Legalization of marijuana is attributed to the failure of the policies and executive orders issued by the US administration. The use of marijuana has relatively grown among the current and the upcoming generations. The response provided by the authorities seems to be making the illegal trade a common vice among many Americans (Caulkins, et al 2015). This has contributed to the suggestion of different opinions – as provided by the US constitutions – which are suggesting the adoption marijuana for specific uses. This has now spark a debate of the moral and social consequences of legalizing marijuana.
Legalization of marijuana is supported by groups such as Marijuana Policy Project (MPP) and the Drug Policy Alliance (DPA). These organizations, collectively, argue that legalizing marijuana is the only way of reducing violence in America and other countries. Their suggestions state that legalizing marijuana will reduce and cut off revenue sources for criminals who are involved in criminal activities. This coupled by a major strongpoint acknowledging that controlled use would reduce the vice of drug abuse among marijuana addicts. Consequently, the best way of fighting the use of marijuana is to take control of its supply in a legalized structure.
Effects on Policing
Legalizing marijuana will create a number of challenges to policing of this vice within the US and its American citizens. Firstly, mandated authorities in charge of drug abuse and control in the US such as Drug Enforcement Administration-DEA will have a problem in countering the effects of marijuana misuse (Caulkins, et al 2015). For instance, unscrupulous pharmacists may open up to marijuana substances to be consumed as a hard drug rather than a form of medical treatment. Secondly, the rate of violence increase among marijuana drug abusers would rise due to its ease-of-access.
Legalizing marijuana without statutory bodies with adequate powers to curb illegal use of this product could increase violence. For instance, providers and suppliers of medicinal products might hide within this legalization to contribute with peddling of marijuana. Thirdly and lastly, high level corruption – cases criminalizing the use of marijuana – could be a challenge to legalization of marijuana (Hopfer, 2014). A state of confusion is likely to emerge on which regulations control the use of marijuana between the authorities and the public. For instance, the public could misinterpret a regulation in using marijuana as a hard drug.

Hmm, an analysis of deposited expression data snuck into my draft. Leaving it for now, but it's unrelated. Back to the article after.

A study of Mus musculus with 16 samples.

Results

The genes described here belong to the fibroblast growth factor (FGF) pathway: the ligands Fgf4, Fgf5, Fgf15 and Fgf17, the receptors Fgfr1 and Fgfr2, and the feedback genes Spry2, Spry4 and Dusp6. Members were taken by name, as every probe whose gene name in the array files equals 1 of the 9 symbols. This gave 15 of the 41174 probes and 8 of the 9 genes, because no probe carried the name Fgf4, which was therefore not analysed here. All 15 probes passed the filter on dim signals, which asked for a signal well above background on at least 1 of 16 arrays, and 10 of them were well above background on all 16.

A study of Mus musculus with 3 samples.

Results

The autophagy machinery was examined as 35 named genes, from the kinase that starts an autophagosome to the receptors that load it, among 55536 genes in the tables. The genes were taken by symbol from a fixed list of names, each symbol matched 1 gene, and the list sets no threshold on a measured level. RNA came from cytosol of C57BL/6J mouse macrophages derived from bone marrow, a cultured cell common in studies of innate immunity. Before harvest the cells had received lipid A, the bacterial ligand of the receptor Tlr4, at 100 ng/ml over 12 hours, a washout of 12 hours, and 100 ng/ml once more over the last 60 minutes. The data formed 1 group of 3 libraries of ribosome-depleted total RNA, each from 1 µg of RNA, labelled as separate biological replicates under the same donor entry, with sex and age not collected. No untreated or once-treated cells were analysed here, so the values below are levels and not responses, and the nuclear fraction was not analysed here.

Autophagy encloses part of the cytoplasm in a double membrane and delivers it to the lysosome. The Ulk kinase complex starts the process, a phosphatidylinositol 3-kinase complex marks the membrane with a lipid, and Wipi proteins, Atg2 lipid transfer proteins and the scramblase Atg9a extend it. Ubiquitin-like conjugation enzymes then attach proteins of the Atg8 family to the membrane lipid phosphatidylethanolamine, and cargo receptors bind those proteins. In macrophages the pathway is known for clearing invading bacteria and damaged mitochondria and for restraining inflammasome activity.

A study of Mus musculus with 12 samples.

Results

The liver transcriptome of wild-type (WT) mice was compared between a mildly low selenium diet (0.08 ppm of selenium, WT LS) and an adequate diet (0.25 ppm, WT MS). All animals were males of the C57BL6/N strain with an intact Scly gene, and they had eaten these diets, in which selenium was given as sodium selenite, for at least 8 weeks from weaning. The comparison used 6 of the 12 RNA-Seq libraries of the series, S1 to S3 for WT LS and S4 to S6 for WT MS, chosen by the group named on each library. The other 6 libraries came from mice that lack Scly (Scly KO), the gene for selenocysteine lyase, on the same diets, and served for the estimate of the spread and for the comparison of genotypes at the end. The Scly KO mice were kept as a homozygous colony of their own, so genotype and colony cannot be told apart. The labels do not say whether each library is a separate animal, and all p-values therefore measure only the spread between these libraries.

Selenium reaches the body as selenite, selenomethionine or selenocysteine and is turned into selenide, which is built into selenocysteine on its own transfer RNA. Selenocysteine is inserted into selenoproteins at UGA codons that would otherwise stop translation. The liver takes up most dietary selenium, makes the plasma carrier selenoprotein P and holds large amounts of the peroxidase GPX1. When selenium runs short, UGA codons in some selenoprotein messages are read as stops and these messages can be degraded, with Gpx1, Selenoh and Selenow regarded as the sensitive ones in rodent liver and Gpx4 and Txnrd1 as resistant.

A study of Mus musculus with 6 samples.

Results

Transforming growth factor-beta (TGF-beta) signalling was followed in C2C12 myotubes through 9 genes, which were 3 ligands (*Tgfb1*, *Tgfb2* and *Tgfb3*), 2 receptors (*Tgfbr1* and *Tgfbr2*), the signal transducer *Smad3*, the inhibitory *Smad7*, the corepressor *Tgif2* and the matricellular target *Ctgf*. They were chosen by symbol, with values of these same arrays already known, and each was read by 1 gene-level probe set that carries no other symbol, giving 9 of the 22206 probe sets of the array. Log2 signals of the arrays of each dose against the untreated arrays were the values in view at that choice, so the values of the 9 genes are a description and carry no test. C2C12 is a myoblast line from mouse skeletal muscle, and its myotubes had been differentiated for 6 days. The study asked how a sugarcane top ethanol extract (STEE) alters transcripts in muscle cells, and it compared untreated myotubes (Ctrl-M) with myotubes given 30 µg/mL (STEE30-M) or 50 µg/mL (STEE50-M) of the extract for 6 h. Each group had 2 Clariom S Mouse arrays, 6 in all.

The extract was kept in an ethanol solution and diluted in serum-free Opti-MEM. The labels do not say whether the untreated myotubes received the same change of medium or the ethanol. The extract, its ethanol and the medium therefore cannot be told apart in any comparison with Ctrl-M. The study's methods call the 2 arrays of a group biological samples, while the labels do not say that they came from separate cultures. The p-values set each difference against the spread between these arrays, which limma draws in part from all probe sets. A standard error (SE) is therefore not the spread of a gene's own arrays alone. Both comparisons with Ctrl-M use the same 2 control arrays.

Pros and Cons of the Statistical Data
When marijuana is legalized, it is possible to find some businesses gaining root in the newly established market. For instance, recreational use of marijuana will see its data and statistics rise to high figures. At the moment, the revenue generated from marijuana being used for recreational purposes is valued at $11,670 million (Kilmer & MacCoun, 2017). Similarly, the medical marijuana ministry would also record high figures in terms of consumption of treatment. For instance, the average age of marijuana medical use falls at 43 years for men, and 46 for women. These figures are like to increase with legalization of marijuana.
The advantages of this statistical data will fall on the positive attributes attributed to their rise or fall. For instance, if more people adopt the use of marijuana as a medical product would indicate a rise in legal access to marijuana for the permitted purpose (Caulkins, et al 2015). However, increasing figures in statistical data describing the recreational use of marijuana indicates a danger to the society. This is depicted in the increased rate of crime and violence in order to access this drug such as robberies and death cases.
Caulkins, J. P., Kilmer, B., Kleiman, M. A., MacCoun, R. J., Midgette, G., Oglesby, P., … & Reuter, P. H. (2015). The Marijuana Legalization Debate.
Hopfer, C. (2014). Implications of marijuana legalization for adolescent substance use. Substance Abuse, 35(4), 331-335.
Kilmer, B., & MacCoun, R. J. (2017). How medical marijuana smoothed the transition to marijuana legalization in the United States. Annual Review of Law and Social Science, 13, 181-202.